Against the backdrop of an unceasing pandemic, social unrest and a polarized electorate, the 2018 book, “Reality Bites: Rhetoric and the Circulation of Truth Claims in U.S. Political Culture” by Cal State Fullerton faculty member Dana Cloud is perhaps more relevant than ever.
The lecturer in human communication studies researches communication in the context of power and social movements.
What is the book about?
In “Reality Bites,” I talked about power and ideology from people in control — elites in business, media and politics — and the opportunities for talking back to that power effectively.
I was mainly interested in this problem that the powerful control what counts as true in a society. It’s very hard to insert different knowledge or common sense into that. There’s a problem in the post-truth era, where things with no basis in fact are circulating as truth and people believe them.
How do we talk to people with whom we disagree?
Facts alone don’t work because people have bodies and feel emotions. Their consciousness and knowledge are informed and complicated by their personal experiences.
To say that people are ignorant and to mock their conceptions of the world is unproductive. It’s better to explore where those conceptions came from. It can be effective to ask them to tell you a story about their experiences that makes a particular message compelling to them.
Many want to speak truth to power with a lot of facts. But there are other rhetorical strategies — I call them the “Big Five”:
- Emotion — Appealing to feelings rather than logic
- Embodiment — Experiencing truths through or within your body
- Myth — Using origin stories and visions of the future
- Narrative storytelling — Expressing ideas through stories
- Spectacle — Creating something visually or aurally compelling
We’ve seen these being used quite effectively by the conservative media.
How do we change what’s considered truth on a societal level?
It’s about rallying and influencing ordinary people to join together to assert a collective voice. I advocate for employing the “Big Five” to reach people who otherwise wouldn’t be convinced.
The Black Lives Matter movement, for example, has used the emotional narratives of people who had been killed and injured, their families’ stories and the visual spectacle of YouTube videos that document instances of police murder.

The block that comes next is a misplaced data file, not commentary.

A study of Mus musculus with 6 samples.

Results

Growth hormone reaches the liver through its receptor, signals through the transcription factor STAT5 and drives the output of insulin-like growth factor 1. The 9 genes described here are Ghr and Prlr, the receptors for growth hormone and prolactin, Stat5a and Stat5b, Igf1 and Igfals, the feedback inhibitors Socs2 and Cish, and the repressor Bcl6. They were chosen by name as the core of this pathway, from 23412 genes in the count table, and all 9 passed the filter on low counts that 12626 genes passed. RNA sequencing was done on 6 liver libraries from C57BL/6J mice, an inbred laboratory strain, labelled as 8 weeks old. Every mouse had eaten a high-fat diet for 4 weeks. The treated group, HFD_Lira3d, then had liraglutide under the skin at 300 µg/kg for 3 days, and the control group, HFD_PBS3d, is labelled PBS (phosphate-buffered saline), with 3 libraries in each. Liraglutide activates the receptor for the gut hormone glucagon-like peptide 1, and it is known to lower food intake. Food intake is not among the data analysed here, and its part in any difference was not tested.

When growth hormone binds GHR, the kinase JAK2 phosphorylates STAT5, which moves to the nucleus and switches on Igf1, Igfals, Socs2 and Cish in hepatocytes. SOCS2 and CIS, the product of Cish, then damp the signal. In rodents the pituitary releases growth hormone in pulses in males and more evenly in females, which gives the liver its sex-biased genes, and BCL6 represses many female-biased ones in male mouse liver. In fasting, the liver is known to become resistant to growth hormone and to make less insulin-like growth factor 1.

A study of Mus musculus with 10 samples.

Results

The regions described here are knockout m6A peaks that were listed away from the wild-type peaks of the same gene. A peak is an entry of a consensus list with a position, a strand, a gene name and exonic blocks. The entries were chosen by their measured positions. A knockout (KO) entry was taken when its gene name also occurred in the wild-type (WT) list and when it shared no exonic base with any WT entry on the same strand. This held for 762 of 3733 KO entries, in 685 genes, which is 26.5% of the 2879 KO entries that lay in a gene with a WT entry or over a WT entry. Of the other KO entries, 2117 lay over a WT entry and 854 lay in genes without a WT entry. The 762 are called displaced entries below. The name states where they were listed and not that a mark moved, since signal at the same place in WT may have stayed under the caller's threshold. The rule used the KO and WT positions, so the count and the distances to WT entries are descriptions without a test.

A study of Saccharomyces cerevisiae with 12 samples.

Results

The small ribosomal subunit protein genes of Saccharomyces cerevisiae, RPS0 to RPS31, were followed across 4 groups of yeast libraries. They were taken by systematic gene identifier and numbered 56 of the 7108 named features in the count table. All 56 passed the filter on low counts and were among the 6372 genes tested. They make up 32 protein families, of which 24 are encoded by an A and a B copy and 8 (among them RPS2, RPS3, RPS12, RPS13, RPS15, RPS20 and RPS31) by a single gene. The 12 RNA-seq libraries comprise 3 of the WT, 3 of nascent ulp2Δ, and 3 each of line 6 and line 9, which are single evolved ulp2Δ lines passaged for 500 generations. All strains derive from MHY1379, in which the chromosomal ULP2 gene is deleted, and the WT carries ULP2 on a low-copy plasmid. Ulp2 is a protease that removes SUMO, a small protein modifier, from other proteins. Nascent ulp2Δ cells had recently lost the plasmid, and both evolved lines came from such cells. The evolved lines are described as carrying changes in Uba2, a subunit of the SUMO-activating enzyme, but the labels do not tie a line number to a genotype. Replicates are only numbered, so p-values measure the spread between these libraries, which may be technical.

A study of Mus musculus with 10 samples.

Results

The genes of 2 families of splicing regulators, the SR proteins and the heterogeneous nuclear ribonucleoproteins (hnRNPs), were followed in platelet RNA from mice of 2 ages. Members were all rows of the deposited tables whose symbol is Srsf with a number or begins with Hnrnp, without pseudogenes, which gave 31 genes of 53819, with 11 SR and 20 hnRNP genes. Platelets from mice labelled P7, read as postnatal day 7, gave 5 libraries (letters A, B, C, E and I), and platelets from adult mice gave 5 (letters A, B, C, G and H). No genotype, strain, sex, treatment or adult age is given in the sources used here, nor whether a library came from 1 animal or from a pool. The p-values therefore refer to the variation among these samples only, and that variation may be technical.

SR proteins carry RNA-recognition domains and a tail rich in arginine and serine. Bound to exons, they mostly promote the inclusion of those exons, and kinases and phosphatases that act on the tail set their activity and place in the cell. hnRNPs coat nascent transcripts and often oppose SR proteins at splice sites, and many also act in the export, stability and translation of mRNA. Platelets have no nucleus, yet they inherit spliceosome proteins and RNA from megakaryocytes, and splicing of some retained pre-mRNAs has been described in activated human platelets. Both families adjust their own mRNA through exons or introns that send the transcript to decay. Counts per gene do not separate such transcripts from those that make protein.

This summer, for the first time, it made sense to many that there’s a racism problem in policing. It made sense in a way that didn’t before, because the experiences and voices of people in protest — of Black people in particular — entered into the public consciousness.
What has history taught us about the rhetoric of social movements?
People always rise up and try to alter the arrangements of power in their society to gain liberation and justice. The history of our country is a story of the efforts of social movements, of struggle and contention over the shape of society.
Historically in crises, there are movements for social change and things shift very rapidly. For example, in the early 1950s after Emmett Till was lynched and his body mutilated, his mother decided to have an open casket memorial. With that image and spectacle, people around the world became intensely cognizant of lynching, brutality against Black bodies and the need for civil rights. Public consciousness shifted as a result.
How could the “Big Five” be applied to the pandemic?
Of course, facts are needed — it can be a matter of life or death that we understand facts about COVID-19. But again, it’s not enough to just give the facts. For some, well-educated people like doctors have been elitist and condescending when sharing information with them in the past, and that experience has made them suspicious of intellectuals. For it to really sink in, maybe it is a matter of embodiment: Someone they know is very ill or dying of the virus, or they get it themselves. It’s awful to think about, but illness and disease are kind of like that — when they hit you personally, then that embodied experience will generate a change in consciousness.
In the post-truth era, we need to pay more attention to connecting truth claims to dimensions of experience. It makes our discourse much more powerful: the path to allowing our reality to be considered the truth that counts.
Visit the human communication studies website to learn more about the program at CSUF.